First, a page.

Activist reclaims trade names from NH trapper

Valley News
Published: 5/4/2021 5:18:13 PM

A vocal opponent of trapping has won back a pair of trade names that a trapper had registered with the state of New Hampshire.

As of Friday, Kristina Snyder is the registered holder of the trade names NH Citizens Against Recreational Trapping and NH Citizens Against Trapping.

In late March, longtime trapper Joseph Paolilli, had looked up the trade names with the New Hampshire Secretary of State’s office and finding no record of them, registered them. In a phone interview at the time, he said he planned to tell Snyder to stop using the names on Facebook and Twitter to promote her cause, something she’s been doing for the past eight years.

Snyder consulted a lawyer, took Paolilli to court and a settlement became final on Friday.

(State law indicates that trade names should be acquired 'in good faith.”)

“I’m over the moon,” Snyder said Monday. “It was an extremely stressful four or five weeks.”

Paolilli, who lives in Swanzey, N.H., emailed a brief statement late on Friday, saying that he had discontinued the use of the trade names. Reached Monday, he referred questions to his lawyer, whom he declined to name.

The settlement brings to a close an episode in the ongoing debate over trapping in the Granite State. Snyder said it has given her some momentum.

“In the long run, I think it’s really just made me more determined with my cause,” Snyder said. “It brought what I’m trying to do into the spotlight.”

Paolilli’s registration of the trade names took place just as Snyder had purchased billboards and bus stop placards to advertise her campaign. On the advice of her lawyer, she kept the signs up, and kept posting to her social media pages.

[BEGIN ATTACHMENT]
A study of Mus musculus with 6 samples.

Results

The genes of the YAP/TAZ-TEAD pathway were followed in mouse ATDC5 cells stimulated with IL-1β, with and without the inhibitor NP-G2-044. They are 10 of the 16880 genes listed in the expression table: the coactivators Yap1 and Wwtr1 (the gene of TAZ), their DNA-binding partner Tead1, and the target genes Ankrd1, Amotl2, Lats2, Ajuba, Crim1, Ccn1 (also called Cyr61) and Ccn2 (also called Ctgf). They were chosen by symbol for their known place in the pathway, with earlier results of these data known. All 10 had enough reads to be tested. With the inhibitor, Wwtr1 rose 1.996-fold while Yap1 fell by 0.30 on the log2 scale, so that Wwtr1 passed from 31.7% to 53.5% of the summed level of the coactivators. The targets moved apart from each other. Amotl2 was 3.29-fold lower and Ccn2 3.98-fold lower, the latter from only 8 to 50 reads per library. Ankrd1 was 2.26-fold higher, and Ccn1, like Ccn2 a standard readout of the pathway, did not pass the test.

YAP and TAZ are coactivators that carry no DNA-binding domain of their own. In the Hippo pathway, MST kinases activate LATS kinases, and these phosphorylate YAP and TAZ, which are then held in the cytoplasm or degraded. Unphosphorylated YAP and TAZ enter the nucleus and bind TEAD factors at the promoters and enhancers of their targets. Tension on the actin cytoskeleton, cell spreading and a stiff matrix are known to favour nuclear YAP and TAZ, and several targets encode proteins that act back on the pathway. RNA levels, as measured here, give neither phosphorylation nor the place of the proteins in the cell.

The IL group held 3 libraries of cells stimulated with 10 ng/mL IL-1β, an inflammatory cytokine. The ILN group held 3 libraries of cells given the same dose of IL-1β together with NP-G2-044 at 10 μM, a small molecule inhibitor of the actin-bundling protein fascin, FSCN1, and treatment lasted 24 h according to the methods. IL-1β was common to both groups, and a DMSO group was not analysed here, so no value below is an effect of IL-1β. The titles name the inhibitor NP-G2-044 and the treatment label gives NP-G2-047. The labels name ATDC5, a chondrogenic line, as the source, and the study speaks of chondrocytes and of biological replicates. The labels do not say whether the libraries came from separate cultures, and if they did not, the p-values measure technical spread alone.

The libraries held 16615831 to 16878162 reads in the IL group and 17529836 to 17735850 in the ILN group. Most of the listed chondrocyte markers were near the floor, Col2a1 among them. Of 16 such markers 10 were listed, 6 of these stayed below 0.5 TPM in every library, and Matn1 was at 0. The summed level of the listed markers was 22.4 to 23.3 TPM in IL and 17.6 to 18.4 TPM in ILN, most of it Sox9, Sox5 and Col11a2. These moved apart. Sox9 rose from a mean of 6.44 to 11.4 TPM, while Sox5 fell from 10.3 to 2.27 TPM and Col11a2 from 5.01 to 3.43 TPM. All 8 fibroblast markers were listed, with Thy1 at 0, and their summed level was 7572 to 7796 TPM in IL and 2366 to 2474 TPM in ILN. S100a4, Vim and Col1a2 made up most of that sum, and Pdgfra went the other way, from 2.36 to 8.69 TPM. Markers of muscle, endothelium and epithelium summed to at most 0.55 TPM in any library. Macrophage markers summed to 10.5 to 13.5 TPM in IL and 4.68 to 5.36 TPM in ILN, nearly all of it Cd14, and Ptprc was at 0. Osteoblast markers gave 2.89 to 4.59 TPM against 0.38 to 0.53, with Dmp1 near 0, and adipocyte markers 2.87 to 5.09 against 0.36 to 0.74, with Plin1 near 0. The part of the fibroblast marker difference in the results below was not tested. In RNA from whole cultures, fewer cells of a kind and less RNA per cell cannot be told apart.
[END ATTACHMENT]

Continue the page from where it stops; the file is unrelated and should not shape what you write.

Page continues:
She also started a GoFundMe page to help cover her legal expenses. She raised around $4,000 in contributions.

So far, her legal bills total nearly $4,800, she said. She could have pressed on in court to get her legal bills covered, but preferred a swift resolution.

“I just wanted to get it over with,” she said.

But she also was willing to go to court, if that’s what it took. Snyder, a 49-year-old Chester, N.H., resident, has devoted herself to this cause full-time since 2015.

“I have the time and believe me, I use it,” she said. “Every day I get up and say, ‘What else can I do?’ ”

She said she bore Paolilli no ill will, that she should have registered the names sooner and that she wants to move on.

She’s considering setting up a nonprofit corporation and a website under one of the names she has reclaimed.